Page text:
On asphalt, we can only tolerate a very small amount of rear steer and most of the time we are better off with close to zero rear steer. On dirt, some teams incorporate lots of rear steer to the right into the suspension. The degree of steer is directly proportional to the amount and direction of vertical movement associated with the right and left rear suspension systems.

We can simulate the degree and direction of rear steer in our race cars by duplicating the movement of the rear suspension. If we take visual reference to the position of the wheels in the wheel wells during cornering, we can get sufficiently close to replicating the suspension attitude with the car in the shop. We could then support the chassis at levels similar to the way the car looks on the racetrack and then measure how far each rear wheel moved and in what direction. It may surprise many how far the rearend steers under some conditions.

If more or less steer is desired, changes can be made to trailing arm angles, and so on as you are simulating the rear steer and the results can be measured. This is an excellent way to learn how arm-angle changes relate to rear steer magnitude.

Spring Location and Angles
It is an engineering fact that the less angle from vertical that we have in our shock/spring design, the more efficient and consistent our setups will be. Many cars are designed with excess coilover shock angle. This results in a low net wheel rate and also a variable rate spring with diminishing rate over compression travel.

On many four-bar dirt cars, the rear coilovers are mounted at a high degree of angle. This does two things: 1) High angles with the tops in closer to the centerline than the bottoms reduce the spring base that the chassis sits on and increases the roll angle of the rear suspension. 2) It reduces the wheel rate causing increased roll angle due to the soft spring rate. That is exactly why some cars will lift the LF wheel off the track more easily than other cars. Moving the top of the springs out toward the wheels will offer more stability in the car.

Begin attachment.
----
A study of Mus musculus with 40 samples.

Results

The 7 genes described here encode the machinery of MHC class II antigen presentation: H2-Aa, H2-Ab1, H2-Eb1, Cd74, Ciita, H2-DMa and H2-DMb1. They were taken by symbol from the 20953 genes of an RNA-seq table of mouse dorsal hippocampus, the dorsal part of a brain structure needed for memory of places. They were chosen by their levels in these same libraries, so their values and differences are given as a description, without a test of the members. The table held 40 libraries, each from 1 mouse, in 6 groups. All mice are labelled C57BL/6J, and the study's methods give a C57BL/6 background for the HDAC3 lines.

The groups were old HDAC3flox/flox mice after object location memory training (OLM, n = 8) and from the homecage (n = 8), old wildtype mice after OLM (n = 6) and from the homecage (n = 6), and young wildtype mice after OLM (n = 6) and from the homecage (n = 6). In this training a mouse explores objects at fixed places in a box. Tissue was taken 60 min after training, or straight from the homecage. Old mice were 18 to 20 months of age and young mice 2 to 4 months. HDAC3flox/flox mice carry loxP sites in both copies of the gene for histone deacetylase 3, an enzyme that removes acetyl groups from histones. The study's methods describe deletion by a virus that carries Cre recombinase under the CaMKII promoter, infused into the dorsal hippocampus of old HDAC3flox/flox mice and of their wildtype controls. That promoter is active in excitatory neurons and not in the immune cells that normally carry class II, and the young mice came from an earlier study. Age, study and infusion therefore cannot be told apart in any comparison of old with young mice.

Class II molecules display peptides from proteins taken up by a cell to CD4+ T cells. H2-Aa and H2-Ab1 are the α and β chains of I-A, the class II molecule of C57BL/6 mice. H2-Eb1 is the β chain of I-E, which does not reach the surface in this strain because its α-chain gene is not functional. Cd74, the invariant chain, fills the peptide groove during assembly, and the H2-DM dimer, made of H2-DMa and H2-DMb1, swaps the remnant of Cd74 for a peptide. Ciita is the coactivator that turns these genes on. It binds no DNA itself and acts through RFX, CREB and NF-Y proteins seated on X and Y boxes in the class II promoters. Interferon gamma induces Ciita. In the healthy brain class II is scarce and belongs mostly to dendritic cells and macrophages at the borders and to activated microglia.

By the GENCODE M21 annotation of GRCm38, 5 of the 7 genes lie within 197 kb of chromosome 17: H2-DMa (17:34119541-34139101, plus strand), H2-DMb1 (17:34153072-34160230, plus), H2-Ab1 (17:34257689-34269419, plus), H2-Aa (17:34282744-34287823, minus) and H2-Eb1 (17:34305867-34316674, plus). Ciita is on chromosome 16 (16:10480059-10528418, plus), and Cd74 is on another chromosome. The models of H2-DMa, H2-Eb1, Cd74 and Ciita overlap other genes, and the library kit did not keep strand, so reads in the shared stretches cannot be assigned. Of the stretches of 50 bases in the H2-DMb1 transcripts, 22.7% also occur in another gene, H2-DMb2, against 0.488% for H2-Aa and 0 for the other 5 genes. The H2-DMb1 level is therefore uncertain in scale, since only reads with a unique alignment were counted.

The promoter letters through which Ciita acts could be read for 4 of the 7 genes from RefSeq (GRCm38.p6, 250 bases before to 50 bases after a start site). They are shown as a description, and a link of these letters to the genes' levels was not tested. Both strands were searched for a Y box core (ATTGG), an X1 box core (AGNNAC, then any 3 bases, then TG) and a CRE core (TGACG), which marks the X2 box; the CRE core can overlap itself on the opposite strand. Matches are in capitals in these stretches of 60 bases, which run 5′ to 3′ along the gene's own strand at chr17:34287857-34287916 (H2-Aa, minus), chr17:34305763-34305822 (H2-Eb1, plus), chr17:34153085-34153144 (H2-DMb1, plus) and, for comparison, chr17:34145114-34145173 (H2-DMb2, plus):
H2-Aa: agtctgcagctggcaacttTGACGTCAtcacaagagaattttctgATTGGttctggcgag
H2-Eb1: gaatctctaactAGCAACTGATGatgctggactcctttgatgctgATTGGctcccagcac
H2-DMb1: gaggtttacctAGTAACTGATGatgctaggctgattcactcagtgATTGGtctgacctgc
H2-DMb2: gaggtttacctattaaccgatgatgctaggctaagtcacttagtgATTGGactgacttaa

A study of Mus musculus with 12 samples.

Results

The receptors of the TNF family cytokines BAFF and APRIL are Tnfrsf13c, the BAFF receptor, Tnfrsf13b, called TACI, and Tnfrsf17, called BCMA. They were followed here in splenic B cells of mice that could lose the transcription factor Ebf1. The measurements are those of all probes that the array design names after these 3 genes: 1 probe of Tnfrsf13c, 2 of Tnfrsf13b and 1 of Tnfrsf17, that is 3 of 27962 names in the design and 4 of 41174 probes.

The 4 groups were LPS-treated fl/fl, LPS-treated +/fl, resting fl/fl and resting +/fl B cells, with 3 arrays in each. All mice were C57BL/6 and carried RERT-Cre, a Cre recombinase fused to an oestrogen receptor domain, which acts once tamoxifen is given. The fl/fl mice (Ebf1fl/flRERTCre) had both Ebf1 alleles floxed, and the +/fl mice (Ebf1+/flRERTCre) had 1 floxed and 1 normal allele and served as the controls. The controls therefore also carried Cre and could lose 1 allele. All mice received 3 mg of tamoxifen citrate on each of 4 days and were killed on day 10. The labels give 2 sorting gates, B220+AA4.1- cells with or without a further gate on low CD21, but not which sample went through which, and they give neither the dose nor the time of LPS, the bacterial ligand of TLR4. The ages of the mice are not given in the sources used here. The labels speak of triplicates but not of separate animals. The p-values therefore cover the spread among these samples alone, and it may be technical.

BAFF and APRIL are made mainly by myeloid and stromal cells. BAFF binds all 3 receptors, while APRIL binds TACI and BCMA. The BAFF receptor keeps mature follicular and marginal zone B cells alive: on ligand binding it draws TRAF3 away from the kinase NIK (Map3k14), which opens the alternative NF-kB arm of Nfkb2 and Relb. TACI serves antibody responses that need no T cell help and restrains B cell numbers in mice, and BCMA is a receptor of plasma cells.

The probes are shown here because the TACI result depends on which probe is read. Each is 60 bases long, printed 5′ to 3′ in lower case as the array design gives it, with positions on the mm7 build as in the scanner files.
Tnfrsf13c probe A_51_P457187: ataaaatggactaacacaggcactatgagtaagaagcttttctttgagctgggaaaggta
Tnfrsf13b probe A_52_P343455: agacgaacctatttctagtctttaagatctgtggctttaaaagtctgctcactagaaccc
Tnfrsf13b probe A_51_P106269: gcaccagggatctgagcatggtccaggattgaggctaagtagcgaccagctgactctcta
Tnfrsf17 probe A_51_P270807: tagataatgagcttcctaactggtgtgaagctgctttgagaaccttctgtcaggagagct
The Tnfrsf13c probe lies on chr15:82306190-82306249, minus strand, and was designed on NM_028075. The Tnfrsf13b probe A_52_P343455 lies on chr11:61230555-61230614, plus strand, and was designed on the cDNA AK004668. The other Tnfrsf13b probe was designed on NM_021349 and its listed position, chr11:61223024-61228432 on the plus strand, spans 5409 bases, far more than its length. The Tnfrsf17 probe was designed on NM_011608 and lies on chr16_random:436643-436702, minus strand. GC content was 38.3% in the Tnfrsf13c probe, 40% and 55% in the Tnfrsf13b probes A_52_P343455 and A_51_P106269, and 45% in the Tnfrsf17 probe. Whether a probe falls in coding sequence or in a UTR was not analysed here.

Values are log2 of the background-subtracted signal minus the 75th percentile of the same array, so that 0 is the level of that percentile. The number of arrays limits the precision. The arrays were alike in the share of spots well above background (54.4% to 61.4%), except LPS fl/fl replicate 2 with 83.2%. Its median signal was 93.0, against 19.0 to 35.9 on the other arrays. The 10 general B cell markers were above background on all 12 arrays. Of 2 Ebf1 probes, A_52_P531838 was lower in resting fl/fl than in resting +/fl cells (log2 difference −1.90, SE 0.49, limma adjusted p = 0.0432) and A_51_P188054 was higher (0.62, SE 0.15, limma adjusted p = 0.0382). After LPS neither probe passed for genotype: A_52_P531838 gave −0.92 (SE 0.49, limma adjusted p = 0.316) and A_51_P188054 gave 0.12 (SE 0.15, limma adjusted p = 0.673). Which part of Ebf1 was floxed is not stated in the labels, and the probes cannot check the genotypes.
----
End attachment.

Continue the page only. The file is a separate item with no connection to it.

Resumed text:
With high spring angles in the rear, as the car rolls, the angle increases and the rate decreases. With high spring angles at the front or rear, with every inch of chassis movement vertically, the spring will move less providing a lower rate of resistance to chassis roll. This is a variable that we just don't need in our race cars. Variables mean that handling will change based on different entry lines and the different banking of the higher and lower grooves.

Conclusion
If we can get to know our cars before the season starts, we can then make critical decisions on the front and rear design that can produce more consistent handling and better performance. All it takes is a little time and some effort. This winter, think about your overall chassis design. Work on the areas we have discussed here.

Remember, it's your car to do what you want with. We are all scientists and inventors at heart, so live up to your natural tendencies and get to work on that car. Cut and weld if necessary. A can of paint will hide the work done and keep curious eyes from discovering why your car works better than others of the same make. That's the fun part of doing it yourself and experiencing the positive results.